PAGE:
Reflecting on St David’s Day
The first day of March is always a red-letter day for Welsh people around the world – and indeed for anyone with a fondness for Wales, its culture and traditions, including its rugby! St David – or Dewi Sant, as he is known in Wales – has long been celebrated on this day. In many places the celebrations often come with other Welsh customs: traditional costumes and music, leeks and early spring daffodils.
This year, the cathedral itself has celebrated St David’s Day with a special Welsh-language service created around readings, hymns and medieval plainchant. Yesterday, we welcomed visitors from across the Liverpool and Merseyside Welsh communities, including the Welsh-speaking worshippers of Bethel Welsh Presbyterian Church near Penny Lane. The guest preacher on this occasion was the Dean of our nearest Welsh cathedral neighbour – St Asaph, just over an hour’s drive from Liverpool.
Dewi Sant himself would surely have approved of this coming together across borders and denominations. Though most of his missionary activity was centred on Wales, his influence is also strong in many places across Offa’s Dyke. Here in Liverpool, where the Welsh community has been especially prominent since the building of the docks in the 18th century and Welsh street names abound (Denbigh Rd, Snowdon Lane, Barmouth Lane), St David’s day remains special to many. Three Anglican churches within the diocese even carry his dedication: those of Rocky Lane Childwall; Carr Mill, St Helen’s; and Haigh and Aspull in the parish of Wigan north east are all dedicated to St David.
So what do we know of Dewi Sant? He lived in the seventh century and is regarded as the greatest figure in that early Welsh ‘Age of the Saints’ that helped spread Christianity among the pagan Celtic tribes of Britain. His biographers report that he died on 1 March in 589, and his beautiful medieval shrine can still be seen in St David’s cathedral, Pembrokeshire – the largest of the Welsh cathedrals in the smallest of the cities of Wales. It remains a great place of pilgrimage, and tradition still has it that four pilgrimages to St Davids count as the equivalent of two visits to Rome, or one to Jerusalem!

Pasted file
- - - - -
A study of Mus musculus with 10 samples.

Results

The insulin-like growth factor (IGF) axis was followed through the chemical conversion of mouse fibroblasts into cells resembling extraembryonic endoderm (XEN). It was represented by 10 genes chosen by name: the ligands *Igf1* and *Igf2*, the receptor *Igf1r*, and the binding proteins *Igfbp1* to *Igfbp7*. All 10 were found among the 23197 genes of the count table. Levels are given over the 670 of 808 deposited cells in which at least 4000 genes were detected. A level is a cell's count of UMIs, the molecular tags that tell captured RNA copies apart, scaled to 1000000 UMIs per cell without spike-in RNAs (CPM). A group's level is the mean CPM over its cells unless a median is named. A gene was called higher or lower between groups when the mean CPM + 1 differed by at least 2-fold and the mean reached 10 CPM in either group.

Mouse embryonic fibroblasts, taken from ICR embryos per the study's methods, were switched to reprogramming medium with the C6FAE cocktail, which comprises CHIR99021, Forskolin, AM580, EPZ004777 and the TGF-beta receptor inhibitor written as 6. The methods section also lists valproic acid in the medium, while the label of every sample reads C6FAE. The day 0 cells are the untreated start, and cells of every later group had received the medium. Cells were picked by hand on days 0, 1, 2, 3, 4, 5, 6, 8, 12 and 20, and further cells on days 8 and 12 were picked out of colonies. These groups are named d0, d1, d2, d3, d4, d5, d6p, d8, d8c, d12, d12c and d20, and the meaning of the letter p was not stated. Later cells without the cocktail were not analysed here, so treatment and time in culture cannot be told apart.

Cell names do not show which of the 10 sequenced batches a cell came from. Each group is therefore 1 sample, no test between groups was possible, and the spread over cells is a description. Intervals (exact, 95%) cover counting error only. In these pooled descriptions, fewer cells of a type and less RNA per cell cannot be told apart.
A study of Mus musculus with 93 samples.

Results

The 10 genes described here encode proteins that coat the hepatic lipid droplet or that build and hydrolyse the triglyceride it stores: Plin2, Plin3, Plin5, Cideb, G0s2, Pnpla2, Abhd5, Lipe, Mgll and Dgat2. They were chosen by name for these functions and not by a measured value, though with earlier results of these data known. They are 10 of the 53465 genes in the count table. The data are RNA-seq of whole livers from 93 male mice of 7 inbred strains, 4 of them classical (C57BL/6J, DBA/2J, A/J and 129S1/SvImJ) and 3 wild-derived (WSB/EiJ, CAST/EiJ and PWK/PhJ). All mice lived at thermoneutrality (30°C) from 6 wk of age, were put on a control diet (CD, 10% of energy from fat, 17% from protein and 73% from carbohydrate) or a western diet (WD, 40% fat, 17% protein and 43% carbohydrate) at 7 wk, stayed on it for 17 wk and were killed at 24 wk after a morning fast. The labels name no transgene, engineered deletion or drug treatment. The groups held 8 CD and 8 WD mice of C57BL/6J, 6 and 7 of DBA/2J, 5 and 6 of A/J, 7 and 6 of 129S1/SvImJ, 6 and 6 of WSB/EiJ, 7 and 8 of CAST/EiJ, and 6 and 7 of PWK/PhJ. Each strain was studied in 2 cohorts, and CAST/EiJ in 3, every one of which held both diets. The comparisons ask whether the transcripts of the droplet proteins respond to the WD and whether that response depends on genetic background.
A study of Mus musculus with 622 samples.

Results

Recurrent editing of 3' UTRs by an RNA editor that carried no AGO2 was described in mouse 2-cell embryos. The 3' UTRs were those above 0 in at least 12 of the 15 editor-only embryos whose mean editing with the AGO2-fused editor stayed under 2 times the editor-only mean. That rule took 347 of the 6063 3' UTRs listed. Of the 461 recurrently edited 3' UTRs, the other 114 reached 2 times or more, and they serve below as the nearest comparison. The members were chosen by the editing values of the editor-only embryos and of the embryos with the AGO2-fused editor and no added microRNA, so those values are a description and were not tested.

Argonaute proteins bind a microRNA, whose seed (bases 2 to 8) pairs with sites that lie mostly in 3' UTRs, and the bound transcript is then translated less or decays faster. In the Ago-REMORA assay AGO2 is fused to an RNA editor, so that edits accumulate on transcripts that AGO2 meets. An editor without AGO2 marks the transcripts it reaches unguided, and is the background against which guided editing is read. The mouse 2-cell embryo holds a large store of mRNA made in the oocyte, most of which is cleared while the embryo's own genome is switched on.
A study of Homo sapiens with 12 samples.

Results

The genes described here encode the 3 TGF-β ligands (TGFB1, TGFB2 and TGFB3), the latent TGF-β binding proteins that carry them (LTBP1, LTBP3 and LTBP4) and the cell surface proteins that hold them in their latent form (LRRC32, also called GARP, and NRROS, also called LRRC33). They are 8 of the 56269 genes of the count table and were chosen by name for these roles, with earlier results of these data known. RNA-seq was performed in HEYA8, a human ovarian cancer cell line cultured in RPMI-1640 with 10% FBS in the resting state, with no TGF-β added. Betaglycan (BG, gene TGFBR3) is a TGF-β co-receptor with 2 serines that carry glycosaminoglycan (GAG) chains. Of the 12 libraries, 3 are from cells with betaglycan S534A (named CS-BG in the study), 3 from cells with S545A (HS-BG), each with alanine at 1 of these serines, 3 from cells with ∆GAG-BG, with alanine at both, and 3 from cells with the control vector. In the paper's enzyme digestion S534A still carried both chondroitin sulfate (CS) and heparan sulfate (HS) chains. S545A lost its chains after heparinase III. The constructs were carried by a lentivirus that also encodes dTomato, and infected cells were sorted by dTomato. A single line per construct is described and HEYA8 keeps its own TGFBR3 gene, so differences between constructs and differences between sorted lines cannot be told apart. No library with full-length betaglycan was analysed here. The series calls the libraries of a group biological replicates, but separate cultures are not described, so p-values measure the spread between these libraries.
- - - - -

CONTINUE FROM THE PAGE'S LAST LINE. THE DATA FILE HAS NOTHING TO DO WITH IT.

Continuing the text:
Dewi Sant was nicknamed the ‘Waterman’ by those who wrote about him. He was reputedly a teetotaller (as well as a strict vegetarian), and regularly spent time in penance up to his neck in icy cold water, reciting all 150 psalms. The newly-commissioned artistic representation on his shrine in St Davids Cathedral (pictured) suggests something of that austerity. He is shown with serious face and bare feet, with his hair cut in the kind of tonsure favoured by Celtic monks. A dove hovers near his right ear, the sign of a holy man divinely inspired by the Holy Spirit.
But although he was renowned for his tough lifestyle and great self-discipline, Dewi Sant seems also to have been a man of gentleness and understanding, with great compassion for those around him. Many must have been attracted to his simple way of life and his holiness, even if they had little hope of achieving that closeness to God themselves.
St David is a good companion for us to journey with at this time of year – whether we make the pilgrimage to one of the churches associated with him, or simply ponder the way of life that he followed. The message he gave to his community on the Sunday night before his death remains just as relevant to this day: ‘Byddwch lawen, cedwch eich ffydd a’ch cred, a gwnewch y pethau bychain a glywsoch ac a welsoch gennyf i.’ ‘Be joyful, keep your faith and your belief, and do the little things you have seen me do and say.’
Dewi Sant offers us three rules to live by in that message. He urges us to savour the joy in our everyday lives, which often comes from the simplest things and our most precious relationships. He tells us to work at building our faith with the help of God and those around us. And perhaps best of us, he encourages us to focus on ‘the little things’ we can do for others, even when the needs all around us seem so great. I always find St David’s message full of hope – a realistic one we can work towards. Had he lived in more recent times, perhaps he would have found much in common with a much more modern saint – Mother Theresa of Calcutta. She said something similar: ‘Not all of us can do great things. But we can do small things with great love’.
Revd Dr Sally Harper
St. Asaph’s Diocese, and a visiting member of clergy to Liverpool Cathedral.